Introduction: Bottle-Bottom Tea Light

Hi everyone and thanks for stopping by! Some of you might have used recycled glass bottles in the past for craft projects. For those of you who have not, you should try it! There are lots of chances for used glass bottles to make interesting and useful items for around the home. I got the suggestion from my girlfriend that it might be neat to make a tea light in the bottom of an old wine bottle base. This is a pretty quick project that creates a unique candle.

Step 1: Supplies

For this project you will need a few supplies. No real tools are required other than a stove, some sandpaper, tea kettle and a bottle cutter. I used my dremel tool in place of the sandpaper for speeds sake.

  • Wax
  • Empty bottle
  • String (must be flammable, not just melting)
  • 2 Pots (one must be able to fit in the other)
  • Aluminum foil (optional)
  • Essential oil (optional)
  • Water

Step 2: Set Up the Double Boiler

In this step, we will use a double boiler to melt the wax. Using a double boiler is great when you want a very even heat distribution along with not burning whatever it is you are trying to melt such as wax or chocolate. I got the larger pot filled with water and began boiling while I prepared the smaller pot with tinfoil to speed up cleanup later. Once that was done I put the smaller pot in the boiling pot and put the wax in to begin melting.

Step 3: Cut Your Bottle

This step is the most difficult in this project. Luckily for me, I cut the bottom of the bottle off for another project. Use the bottle cutter to etch a line in the bottle. Continue to etch the bottle until you have a nice deep groove. This will create a stress point for the glass to fracture. Use boiling hot and cold water to repeatedly heat and cool the glass. Each time, you will be stressing the glass until it breaks along the etched line. Once it breaks, watch out since the edge will be sharp and can cut you. Use some sandpaper (or a dremel if you are lazy like me) to remove the sharp edge of the glass to eliminate any cutting hazard. I rinsed off the sanding dust just to clean up the glass. If you don't have a bottle cutter, there are many different methods to cut bottles online that will work with varying degrees of success.

Step 4: Make Your Wick

To make a wick, you just need a piece of string that you know to be flammable. I used a piece of thin black string that you can use for knitting/ crocheting. Cut a piece off string that is about an inch and a half. Cutting the string a bit longer is better rather than shorter. Dip the string into the wax and allow the wax to coat the string. Remove and allow to cool. I wanted to see if my string was long enough so I bent it and placed it in the bottom. Sadly it wont stay in that exact position once the wax is poured.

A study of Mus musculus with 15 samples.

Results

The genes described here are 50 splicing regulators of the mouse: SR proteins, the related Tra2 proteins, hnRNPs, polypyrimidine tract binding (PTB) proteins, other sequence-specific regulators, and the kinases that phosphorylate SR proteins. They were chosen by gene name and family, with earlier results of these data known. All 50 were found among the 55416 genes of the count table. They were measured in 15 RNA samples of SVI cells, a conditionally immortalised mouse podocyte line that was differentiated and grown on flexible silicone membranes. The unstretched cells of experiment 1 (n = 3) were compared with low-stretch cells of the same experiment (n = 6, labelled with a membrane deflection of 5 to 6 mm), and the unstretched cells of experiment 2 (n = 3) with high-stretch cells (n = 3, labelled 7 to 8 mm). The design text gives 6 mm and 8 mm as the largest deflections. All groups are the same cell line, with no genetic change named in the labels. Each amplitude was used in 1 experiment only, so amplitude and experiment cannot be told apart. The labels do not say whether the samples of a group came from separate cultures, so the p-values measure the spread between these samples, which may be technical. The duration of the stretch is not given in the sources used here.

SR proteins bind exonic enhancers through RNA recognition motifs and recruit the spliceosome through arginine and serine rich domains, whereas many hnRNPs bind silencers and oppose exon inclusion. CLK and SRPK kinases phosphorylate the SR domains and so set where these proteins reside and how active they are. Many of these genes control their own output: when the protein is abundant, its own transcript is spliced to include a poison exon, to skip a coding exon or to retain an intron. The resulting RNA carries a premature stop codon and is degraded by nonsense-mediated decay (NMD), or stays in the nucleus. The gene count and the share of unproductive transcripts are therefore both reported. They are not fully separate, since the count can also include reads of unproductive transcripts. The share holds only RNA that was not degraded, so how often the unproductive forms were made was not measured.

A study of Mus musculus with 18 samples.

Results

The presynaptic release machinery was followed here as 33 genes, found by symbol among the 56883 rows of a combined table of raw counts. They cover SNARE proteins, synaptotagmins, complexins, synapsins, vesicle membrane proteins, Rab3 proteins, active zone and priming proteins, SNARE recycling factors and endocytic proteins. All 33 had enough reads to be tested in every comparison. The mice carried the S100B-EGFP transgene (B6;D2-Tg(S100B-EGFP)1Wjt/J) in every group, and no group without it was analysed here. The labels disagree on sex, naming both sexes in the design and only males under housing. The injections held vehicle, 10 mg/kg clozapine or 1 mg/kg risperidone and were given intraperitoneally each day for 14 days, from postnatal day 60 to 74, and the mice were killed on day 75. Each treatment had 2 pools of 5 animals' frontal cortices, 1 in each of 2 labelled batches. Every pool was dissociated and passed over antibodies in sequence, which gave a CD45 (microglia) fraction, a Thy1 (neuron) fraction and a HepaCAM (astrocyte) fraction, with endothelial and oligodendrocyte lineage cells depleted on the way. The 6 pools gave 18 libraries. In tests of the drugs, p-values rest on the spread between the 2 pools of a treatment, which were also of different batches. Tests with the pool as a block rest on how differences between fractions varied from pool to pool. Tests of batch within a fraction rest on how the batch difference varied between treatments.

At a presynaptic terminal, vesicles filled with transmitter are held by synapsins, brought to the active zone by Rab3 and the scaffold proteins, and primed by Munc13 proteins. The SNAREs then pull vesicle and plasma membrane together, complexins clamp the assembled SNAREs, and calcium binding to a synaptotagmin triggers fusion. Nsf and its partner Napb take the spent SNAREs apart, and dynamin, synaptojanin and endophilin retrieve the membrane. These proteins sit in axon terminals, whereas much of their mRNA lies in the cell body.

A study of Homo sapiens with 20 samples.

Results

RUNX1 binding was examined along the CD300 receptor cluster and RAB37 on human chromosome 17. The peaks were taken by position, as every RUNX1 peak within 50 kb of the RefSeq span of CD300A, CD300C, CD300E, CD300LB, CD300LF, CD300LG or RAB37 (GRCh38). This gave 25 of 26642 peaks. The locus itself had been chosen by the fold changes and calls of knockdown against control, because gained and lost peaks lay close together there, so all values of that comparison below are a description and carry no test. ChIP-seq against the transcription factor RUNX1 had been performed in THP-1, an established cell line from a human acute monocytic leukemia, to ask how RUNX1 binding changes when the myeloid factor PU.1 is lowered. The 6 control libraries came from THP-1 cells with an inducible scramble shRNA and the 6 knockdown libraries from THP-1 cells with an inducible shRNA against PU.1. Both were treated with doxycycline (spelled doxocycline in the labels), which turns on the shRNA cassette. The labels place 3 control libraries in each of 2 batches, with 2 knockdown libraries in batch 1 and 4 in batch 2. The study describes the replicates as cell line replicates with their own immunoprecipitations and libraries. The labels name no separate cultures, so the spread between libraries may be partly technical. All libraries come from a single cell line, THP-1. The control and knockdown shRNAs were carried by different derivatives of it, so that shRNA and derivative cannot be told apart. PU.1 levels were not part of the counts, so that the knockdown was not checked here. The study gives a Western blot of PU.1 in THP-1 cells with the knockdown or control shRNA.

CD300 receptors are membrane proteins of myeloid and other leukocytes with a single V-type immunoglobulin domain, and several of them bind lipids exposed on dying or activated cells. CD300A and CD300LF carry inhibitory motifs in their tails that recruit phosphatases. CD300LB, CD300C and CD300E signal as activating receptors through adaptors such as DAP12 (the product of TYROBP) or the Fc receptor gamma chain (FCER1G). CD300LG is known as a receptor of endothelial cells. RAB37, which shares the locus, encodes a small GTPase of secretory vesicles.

Step 5: Pour the Wax

Once a sufficient amount of was has melted, you can remove the excess wax from the double boiler and pour the wax into your bottle. Be careful not to spill as it can be a pain to clean up once it sticks to something and cools.

Step 6: Add a Fragrance (Optional)

Like the title says, this step is not required and not recommended if you have wax that is already scented as you could be mixing smells and create one that is overpowering or unpleasant. I decided to use some essential oil to add a nice lavender smell since the wax was unscented and I thought it would add a nice touch. Only use a few drops due to the high concentration!

Step 7: Let Candle Cool

For this step, you can let the candle cool slowly by leaving it out or you can cool it quicker by putting it in the fridge/ freezer. A word of warning though, doing so creates a risk of the glass breaking due to rapid temperature changes. Its not very likely as the glass shouldn't be terribly hot but it could happen. If you do use the fridge to cool the light, let it return to room temperature before you light it.

Step 8: Finished!

Enjoy your unique tea light and thanks for reading!